General Motors Will Slash Outsourcing In IT Overhaul
GM's History Of Outsourcing
To understand why Mott's decision to all but end IT outsourcing at GM is such a huge cultural change, consider the company's long history with the practice. GM spends more on IT outsourcing than just about any other company, and here Mott plans to go to the other end of the spectrum. He estimates that other automakers now outsource about 30% of their IT, whereas GM plans to outsource only about 10%.
Ralph Szygenda, GM's CIO from 1996 to 2009, inherited that deal. Szygenda was no great fan or foe of outsourcing--it was the model he had, and he knew there was no appetite at the time for the disruption and risk involved in changing it. His strategy was to evolve how GM did IT outsourcing.
In 2006, as the EDS pact ended, Szygenda split the work up among six IT outsourcing companies. EDS landed the most, but Capgemini, HP (which at the time didn't own EDS), and IBM took large new shares, and India-based Wipro was among the vendors added. Szygenda mapped out for the bidders how 44 IT processes would be done in a standardized way, making it easier for GM to change vendors if needed.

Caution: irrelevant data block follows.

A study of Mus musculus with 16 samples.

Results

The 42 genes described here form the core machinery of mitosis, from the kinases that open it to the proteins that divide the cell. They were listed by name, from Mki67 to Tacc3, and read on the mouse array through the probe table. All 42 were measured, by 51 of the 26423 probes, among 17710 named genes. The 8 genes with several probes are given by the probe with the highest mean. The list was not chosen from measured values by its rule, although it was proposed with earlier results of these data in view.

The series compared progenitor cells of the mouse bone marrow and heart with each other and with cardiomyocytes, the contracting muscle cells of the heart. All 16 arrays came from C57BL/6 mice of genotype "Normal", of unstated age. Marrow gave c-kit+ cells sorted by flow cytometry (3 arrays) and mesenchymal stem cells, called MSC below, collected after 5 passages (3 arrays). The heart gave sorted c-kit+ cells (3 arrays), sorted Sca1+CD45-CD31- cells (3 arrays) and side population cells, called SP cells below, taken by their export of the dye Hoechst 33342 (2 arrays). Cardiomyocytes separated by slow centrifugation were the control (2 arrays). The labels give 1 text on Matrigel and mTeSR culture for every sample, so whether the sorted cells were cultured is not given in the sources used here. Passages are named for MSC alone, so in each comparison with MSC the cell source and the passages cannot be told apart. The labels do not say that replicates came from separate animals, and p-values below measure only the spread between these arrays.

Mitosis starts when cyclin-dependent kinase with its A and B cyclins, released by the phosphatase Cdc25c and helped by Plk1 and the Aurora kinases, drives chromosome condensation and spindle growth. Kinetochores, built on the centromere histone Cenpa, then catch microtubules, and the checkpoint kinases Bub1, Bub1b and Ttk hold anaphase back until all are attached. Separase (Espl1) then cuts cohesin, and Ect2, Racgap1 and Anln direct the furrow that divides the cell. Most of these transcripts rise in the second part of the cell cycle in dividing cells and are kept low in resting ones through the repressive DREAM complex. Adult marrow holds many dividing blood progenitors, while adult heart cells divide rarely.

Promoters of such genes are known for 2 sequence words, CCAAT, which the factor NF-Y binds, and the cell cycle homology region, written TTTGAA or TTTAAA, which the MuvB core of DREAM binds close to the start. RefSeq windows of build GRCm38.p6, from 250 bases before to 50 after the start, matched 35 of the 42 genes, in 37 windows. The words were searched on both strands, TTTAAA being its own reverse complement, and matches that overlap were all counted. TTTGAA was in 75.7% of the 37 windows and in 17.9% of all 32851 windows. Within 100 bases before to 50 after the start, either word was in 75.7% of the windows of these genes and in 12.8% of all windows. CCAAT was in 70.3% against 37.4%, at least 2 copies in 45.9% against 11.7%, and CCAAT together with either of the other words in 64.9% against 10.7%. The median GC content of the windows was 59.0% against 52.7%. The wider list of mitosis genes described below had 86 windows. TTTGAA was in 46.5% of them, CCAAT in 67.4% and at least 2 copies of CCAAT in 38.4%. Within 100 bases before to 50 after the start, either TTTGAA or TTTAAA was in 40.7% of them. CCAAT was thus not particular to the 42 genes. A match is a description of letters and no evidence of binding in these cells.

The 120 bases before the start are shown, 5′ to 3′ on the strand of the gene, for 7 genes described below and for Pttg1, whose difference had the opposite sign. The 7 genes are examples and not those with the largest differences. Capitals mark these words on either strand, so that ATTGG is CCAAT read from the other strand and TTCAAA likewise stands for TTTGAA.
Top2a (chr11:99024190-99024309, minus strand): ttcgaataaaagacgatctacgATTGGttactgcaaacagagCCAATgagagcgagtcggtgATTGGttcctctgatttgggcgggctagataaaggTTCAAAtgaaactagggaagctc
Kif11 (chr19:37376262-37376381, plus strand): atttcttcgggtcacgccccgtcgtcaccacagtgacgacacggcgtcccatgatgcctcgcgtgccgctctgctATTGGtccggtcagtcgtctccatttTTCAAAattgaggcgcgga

Mott didn't discuss the details of GM's existing outsourcing contracts and how he would unwind them. At HP, Mott slashed the company's IT workforce in half--from 19,000, with half of them contractors, to less than 10,000, with 90% on staff, in 2008.
Mott thinks GM has too many IT people running and supporting the business and not enough doing new development. "We're really upside down on that when 75% of the people are spending their time trying to make sure the same thing happens today that happened yesterday," he says.
Few CIOs are as adamantly against outsourcing as Mott. More often, they hire outsourcers to handle routine IT operations, with the idea that it will free up staff people for development.
A more typical example sits up the road from GM, at southeast Michigan's power company, Consumers Energy. CIO Mamatha Chamarthi this year hired Indian outsourcer HCL to take over support of Consumers' IT infrastructure and applications. HCL is building a new center for that work, hoping to serve other U.S. clients from it. Chamarthi plans to retrain Consumers IT employees for development and business analyst roles.
While companies regularly take back projects or discrete functions from outsourcers they're not happy with, strategic shifts like Mott's are rare. Only 4% of the 513 business technology pros we surveyed in our 2011 State of IT Outsourcing Survey said their companies plan to decrease their use of IT outsourcing. Seventeen percent were weighing their options, and the remaining 79% were maintaining or increasing their outsourcing.